June 30, 2024

When designing a kiosk interface, it’s important to minimize user friction, maximize speed, create intuitive interfaces and avoid public shaming.
UX considerations for designing kiosk interfaces: a closer lookImage courtesy of iStock
| by Jeff LeBlanc — Director of User Experience, Advanced Kiosks
If you’re trying to improve customer satisfaction (and who isn’t?), you must prioritize user experience design. It’s how a brand stands out from the competition. According to Capgemini, companies with highly effective UX have increased their revenue by 37%. This is a pretty impressive statistic. 
As self-service kiosk technology evolves and users become more discerning, the kiosk industry is shifting focus from hardware to full kiosk solutions — digital kiosk systems that integrate kiosk software and experience design. Kiosk UX is becoming critical.
In last week’s post, I broke a large list of UX design principles for kiosk user interface design into three major categories. Knowing and understanding these design best practices is the first step to creating a user experience that will engage and delight your customers. 
When we look at general best practices in the UX field, some high-level patterns quickly form. And as true as these rules are for any type of UX design, they go double for the world of touchscreen kiosks. 
Avoiding unnecessary visual elements and providing clear affordances are both especially important for public kiosk user interface design because of the circumstances people are in when using them.
Self-service kiosk users are busy, probably harried, and dealing with all sorts of distractions. They are likely using a kiosk as a means to an end (e.g., buying a ticket, printing a boarding pass). These are people on the go and out in public, not sitting at the privacy of a desk. They are often first-time users of that particular kiosk, so the interface has to be quick and easy to understand. Cut out the visual clutter of desktop software and websites. Only give people the information they need to complete their transaction quickly and be on their way. 
Helping speed users along is also at the root of our next rule: rely on recognition, not recall. As UX pioneer Jakob Nielsen noted years ago, it is much easier for people to see something they recognize and take action, rather than having to remember what to do. This is the whole reason computers moved away from command-line interfaces and embraced the Graphical User Interface in the first place. Most touchscreen kiosks today offer plenty of screen space for the rich imagery and iconography that make a user interface intuitive.
Your computer kiosk is for public use. That means it will have a very wide range of user demographics. For example, the user of an HR kiosk could be anyone from a teenager to a senior citizen. They may or may not be tech savvy, speak English, hear or see well. These can all be challenging situations to design for. That’s why it’s crucial to communicate on multiple channels: use graphics and icons whenever possible to either replace or supplement text. Give people more than one way to understand the instructions.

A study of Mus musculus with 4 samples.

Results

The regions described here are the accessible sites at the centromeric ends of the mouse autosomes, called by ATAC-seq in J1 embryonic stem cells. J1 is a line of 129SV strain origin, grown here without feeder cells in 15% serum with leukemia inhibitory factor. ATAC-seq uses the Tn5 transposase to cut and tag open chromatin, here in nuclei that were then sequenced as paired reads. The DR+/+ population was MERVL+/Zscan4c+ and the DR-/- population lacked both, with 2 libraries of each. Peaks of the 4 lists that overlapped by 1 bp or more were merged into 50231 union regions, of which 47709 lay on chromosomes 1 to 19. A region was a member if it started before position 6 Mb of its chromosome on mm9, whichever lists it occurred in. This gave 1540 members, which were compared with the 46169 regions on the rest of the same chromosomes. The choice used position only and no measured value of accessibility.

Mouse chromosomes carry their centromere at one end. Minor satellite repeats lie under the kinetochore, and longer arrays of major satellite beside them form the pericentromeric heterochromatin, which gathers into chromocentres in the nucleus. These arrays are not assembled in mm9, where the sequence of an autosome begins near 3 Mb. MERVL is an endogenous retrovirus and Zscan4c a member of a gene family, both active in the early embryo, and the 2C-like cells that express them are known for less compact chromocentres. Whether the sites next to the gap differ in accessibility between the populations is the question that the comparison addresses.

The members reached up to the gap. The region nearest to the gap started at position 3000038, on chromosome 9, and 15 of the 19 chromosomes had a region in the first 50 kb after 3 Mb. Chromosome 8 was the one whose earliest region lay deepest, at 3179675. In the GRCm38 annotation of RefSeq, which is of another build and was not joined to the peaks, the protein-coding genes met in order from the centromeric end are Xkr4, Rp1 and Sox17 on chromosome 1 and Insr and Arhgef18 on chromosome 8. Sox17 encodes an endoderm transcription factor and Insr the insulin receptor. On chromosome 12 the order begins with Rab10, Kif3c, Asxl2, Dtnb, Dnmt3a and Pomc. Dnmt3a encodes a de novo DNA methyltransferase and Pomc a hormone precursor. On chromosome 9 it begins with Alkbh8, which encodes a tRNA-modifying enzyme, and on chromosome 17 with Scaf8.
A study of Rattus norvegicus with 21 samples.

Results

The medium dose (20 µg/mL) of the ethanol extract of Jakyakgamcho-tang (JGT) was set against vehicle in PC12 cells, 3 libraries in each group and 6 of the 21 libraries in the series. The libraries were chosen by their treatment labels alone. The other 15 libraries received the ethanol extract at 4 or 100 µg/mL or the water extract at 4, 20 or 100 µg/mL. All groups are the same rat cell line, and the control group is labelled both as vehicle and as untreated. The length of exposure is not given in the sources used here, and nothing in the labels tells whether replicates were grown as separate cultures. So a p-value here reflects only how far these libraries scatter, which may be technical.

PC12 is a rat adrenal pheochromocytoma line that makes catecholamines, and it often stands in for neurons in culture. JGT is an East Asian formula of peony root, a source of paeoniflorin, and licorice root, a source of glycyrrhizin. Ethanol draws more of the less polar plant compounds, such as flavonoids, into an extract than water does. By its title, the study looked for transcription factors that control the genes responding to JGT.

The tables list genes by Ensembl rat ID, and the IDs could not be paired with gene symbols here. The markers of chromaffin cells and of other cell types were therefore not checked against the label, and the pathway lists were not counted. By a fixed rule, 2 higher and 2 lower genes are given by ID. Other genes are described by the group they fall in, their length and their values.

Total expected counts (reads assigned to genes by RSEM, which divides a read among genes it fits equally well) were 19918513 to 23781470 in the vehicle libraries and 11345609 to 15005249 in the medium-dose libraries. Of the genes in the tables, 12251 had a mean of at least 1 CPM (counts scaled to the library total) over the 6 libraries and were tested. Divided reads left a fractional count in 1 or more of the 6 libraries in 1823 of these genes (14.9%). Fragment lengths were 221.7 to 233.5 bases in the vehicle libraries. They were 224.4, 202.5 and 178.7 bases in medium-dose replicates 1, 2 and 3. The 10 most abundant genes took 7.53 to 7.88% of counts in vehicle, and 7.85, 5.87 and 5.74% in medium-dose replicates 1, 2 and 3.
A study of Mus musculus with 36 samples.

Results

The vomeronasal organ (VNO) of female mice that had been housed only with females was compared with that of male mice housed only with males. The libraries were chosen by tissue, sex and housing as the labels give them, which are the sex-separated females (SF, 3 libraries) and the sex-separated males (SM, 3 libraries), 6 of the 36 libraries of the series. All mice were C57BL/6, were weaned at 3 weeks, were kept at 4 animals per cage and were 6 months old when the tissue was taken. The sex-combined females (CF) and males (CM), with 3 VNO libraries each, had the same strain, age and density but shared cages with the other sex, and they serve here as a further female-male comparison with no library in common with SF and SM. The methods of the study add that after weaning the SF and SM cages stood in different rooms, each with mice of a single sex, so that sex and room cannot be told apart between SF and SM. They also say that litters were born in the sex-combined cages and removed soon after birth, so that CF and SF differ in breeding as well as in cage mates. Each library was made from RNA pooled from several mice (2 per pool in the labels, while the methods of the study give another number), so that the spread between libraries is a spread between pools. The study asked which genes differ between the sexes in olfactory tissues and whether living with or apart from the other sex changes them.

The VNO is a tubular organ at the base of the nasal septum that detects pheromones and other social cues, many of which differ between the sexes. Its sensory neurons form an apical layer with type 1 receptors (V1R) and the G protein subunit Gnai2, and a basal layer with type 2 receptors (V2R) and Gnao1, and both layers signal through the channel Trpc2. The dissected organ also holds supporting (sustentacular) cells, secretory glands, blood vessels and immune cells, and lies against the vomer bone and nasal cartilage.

Just as every kiosk user is different, every kiosk environment is different. Both diversities provide the rationale for making text and visual elements with sufficient size and contrast. It is very well established that people’s eyesight declines with age, requiring larger font sizes to ensure readability. We keep this heuristic in mind when designing memorial kiosks for outdoor venues. But we’re not just combating aging eyes, we’re dealing with a huge spectrum of lighting conditions. 
In the world of interactive kiosks, hardware and user interface design can work together to overcome just about any environmentally-based UX problem. If you have tried to read information on a tablet outdoors this summer, then you know the difficulty of using computer screens in bright sun. Combine a sunlight readable monitor with a high-contrast user interface design, and you have a touchscreen kiosk ready for placement in the great outdoors.  
Our final UX design heuristic of this post: do not allow illegal choices. It applies to any digital product design. We’ve all been frustrated by pressing the “submit” button only to have the system kick it back with an error because we skipped some piece of requested information. Error messages make people feel stupid. That feeling is compounded for public kiosk users, especially if people are queuing up and pressure is mounting to get done and move along.  
What if you designed your kiosk user interface to only enable the “submit” button after all information has been entered? Users can’t proceed until it’s safe to do so. By preventing errors before they happen, you reduce your customers’ stress, build their confidence, and make them feel comfortable using self-service kiosks.
In this post, we took a closer look at long-standing UX digital design principles to examine why they are particularly important to successful kiosk user interface design. Next up, we’ll take a deep dive into kiosk design heuristics derived from recent literature. Old or new, understanding these kiosk UX rules help designers make the right decisions when designing and building digital kiosks.